Fo’daymorning. There are three of them, walking side-by-side.
From 30 or 40 yards away as I stride southwards along my street, I see them going west towards the park. I pay no particular attention. My mind is far.
Moments before leaving home at 5.30am, I saw an overnight WhatsApp question: ‘You hear that Sparrow dead?’
As a calypso fan, I know the history; as an avid news guzzler, I know the possibilities. So it’s on my mind…
I walk fast. Having played sport continuously for a decade and continued as a coach for another decade and a half, I never lost the training habit. Or the habits.
I can still hear the late Lenny Kirton shouting halfway across the QRC field, urging us to ‘swing those arms!’ Or to get up ‘on the balls of your feet, the balls of your feet!’
In maybe 100 yards, I close the gap on the trio.
As I draw closer, I can see without effort that these are matrons rather than maidens; not Naomi Osaka or Garbiñe Muguruza or Sloane Stephens but today’s Billie-Jean King or Evonne Goolagong or Margaret Court. Even in the half-light, the tell-tale midriff rotundity, the eloquent embonpoint speaks volumes.
She half-turns and sees me bearing down on her. Masked, of course! And wearing the Royalian dark blue from head to toe.
“Oh God! Ayyyyyyyyyyyyyyyyyyyyyyyyyyyyyyyyyyyyyyyyy!”
The shrill scream rents the still morning air. She freezes, has a moment of sheer panic, shrieks and then makes as if to run away.
But in an instant, realisation dawns.
She raises both hands to her mouth and smothers her scream.
Just ahead of her, her friends have swivelled. They instinctively start to flee from this intruder before, for them too, the penny drops.
There is no danger. There is no kidnapper, no rapist, no bandit. Just another early morning walker. There is no malice aforethought. No nefarious intent.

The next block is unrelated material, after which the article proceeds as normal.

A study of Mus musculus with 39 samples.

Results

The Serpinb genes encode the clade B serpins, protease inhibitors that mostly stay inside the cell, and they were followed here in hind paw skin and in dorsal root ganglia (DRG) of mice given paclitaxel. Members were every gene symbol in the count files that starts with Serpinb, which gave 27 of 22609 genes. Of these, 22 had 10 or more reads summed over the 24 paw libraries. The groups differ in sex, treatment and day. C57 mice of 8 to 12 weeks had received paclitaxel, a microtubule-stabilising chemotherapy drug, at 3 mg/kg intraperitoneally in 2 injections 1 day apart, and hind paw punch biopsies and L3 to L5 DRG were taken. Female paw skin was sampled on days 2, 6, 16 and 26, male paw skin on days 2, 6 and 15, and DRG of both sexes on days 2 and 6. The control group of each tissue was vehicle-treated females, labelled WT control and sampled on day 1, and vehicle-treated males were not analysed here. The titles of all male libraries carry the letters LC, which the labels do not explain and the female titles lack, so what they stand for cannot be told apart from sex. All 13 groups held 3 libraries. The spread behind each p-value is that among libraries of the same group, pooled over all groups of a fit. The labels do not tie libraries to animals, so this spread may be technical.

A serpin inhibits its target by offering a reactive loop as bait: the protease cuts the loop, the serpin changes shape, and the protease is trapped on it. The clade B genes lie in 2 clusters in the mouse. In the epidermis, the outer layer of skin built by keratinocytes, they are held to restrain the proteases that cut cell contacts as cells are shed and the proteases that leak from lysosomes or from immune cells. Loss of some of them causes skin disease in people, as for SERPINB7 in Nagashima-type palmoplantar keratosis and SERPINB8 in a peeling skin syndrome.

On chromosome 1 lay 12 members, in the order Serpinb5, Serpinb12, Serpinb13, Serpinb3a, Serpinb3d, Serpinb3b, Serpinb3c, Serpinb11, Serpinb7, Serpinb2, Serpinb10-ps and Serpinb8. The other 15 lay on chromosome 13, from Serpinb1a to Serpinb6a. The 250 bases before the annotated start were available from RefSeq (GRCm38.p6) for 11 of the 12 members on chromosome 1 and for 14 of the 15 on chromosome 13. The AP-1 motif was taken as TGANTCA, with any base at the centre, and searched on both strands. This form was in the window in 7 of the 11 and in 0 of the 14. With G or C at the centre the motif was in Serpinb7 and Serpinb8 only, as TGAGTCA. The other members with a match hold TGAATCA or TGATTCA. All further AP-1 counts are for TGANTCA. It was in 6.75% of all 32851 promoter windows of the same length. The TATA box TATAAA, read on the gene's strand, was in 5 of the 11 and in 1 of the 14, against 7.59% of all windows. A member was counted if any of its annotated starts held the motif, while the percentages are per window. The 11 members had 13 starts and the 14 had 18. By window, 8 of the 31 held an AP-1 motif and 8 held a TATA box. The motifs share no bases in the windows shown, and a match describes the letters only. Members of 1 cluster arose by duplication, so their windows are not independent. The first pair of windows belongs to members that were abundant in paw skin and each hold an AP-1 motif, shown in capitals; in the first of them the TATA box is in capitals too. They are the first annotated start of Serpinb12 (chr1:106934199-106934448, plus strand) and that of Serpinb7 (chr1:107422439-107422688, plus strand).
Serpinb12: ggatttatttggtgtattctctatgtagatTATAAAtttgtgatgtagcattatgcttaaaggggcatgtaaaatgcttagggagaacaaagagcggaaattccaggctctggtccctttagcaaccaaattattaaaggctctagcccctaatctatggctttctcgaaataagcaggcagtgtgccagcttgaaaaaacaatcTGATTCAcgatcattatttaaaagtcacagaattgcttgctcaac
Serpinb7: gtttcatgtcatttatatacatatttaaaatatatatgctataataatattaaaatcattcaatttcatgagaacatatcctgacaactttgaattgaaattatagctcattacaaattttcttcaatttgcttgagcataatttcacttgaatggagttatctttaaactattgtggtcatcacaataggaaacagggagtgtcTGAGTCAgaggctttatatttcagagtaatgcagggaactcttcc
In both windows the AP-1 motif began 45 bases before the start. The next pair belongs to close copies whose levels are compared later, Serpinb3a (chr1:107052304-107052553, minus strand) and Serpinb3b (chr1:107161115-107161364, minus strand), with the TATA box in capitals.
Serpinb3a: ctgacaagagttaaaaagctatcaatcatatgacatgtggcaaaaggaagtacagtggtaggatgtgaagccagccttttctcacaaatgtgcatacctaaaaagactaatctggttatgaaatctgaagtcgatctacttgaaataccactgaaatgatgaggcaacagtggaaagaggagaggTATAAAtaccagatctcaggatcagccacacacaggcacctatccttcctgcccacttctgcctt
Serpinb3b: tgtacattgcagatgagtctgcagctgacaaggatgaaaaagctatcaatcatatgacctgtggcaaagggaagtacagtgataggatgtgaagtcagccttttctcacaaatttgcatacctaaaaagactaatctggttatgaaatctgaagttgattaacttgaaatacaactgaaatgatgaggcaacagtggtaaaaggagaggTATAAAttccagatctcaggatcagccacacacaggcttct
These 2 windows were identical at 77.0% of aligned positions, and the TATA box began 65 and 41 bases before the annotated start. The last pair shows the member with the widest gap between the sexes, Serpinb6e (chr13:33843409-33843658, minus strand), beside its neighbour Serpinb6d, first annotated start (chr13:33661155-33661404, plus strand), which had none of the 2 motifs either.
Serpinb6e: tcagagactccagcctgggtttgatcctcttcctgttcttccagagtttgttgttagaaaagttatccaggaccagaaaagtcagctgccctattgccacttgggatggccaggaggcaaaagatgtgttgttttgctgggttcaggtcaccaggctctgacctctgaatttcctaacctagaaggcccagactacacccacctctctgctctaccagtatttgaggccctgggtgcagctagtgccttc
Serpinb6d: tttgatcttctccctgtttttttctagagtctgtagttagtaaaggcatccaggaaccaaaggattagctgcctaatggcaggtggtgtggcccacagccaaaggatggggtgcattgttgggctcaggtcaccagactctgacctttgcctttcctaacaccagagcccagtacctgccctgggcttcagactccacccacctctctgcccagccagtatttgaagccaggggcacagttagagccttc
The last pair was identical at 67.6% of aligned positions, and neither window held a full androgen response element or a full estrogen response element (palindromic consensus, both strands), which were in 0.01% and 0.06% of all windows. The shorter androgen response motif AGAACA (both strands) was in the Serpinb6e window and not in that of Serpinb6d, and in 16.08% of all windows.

“You snuck up on me!” She laughs nervously.
“Yeah.” Her friends concur. In chorus. “Why? Wha daiz about?”
“I did not!” I respond to her. “I was walking on the government pavement.”
“I never heard you. You gave no warning.”
“Warning? Of what? On a public street? Is this private property? And why should you hear me?”
“But why did you sneak up on me?”
“I did no such thing. Like you, I’m having my morning exercise.”
More nervous laughter. Sheepish.
“A misunderstanding.” She raises her left hand, turns the palm skywards. She is clearly embarrassed. “I apologise.”
“No need. I take no offence.”
And that is that. I go left towards the park. The threesome continue along the street, headed perhaps for the hills, chatting animatedly about who knows what.
The encounter leaves me uneasy. It clears Sparrow clean out of my mind as I reflect on what has just happened.
What if I had been a kidnapper? Or a bandit? Or a rapist? What defence would they have had? Safety in numbers? Is that enough? Is it enough to be a group of three at 5.35am? Is vigilance not required?
Can three women walking at fo’daymorning afford not to be more aware of their surroundings? Should they not look behind them occasionally as a matter of course?
Is that not one essential takeaway from the stories of Shannon Banfield and Ashanti Riley and Andrea Bharatt and Keithisha Cudjoe?
Besides, it’s not just the blue-collar bandits. Around every corner, danger lurks unseen. A friend’s daughter found that out to her cost in January. Ravaged. Savaged. By two dogs. On the public street. Unsuspecting. Defenceless.
Eyes—none in the back of our head—and ears wide open, Bobby, my sexagenarian fo’daymorning exercise companion, and I discuss the perils all the time. We see carnivorous canines behind half-open gates and/or low walls. We see men sitting alone in the shadows.
Sizing us up for something should the situation allow? Who knows?
Unarmed, we are not sitting ducks. We have made plans: A, if the assailant has a gun, B, if he does not. We discuss them from time to time, refine them as we see fit.
And we are able-bodied men—well, we think of ourselves as that!
Do our women, young and old?
Prime Minister Dr Keith Rowley once suggested publicly that women must take more responsibility for their ultimate safety. I am no PNM apologist but I have to ask this: how far off the mark was he?
It really never is what you say; it’s how you say it.
Just as it never really is what you do but how you do it.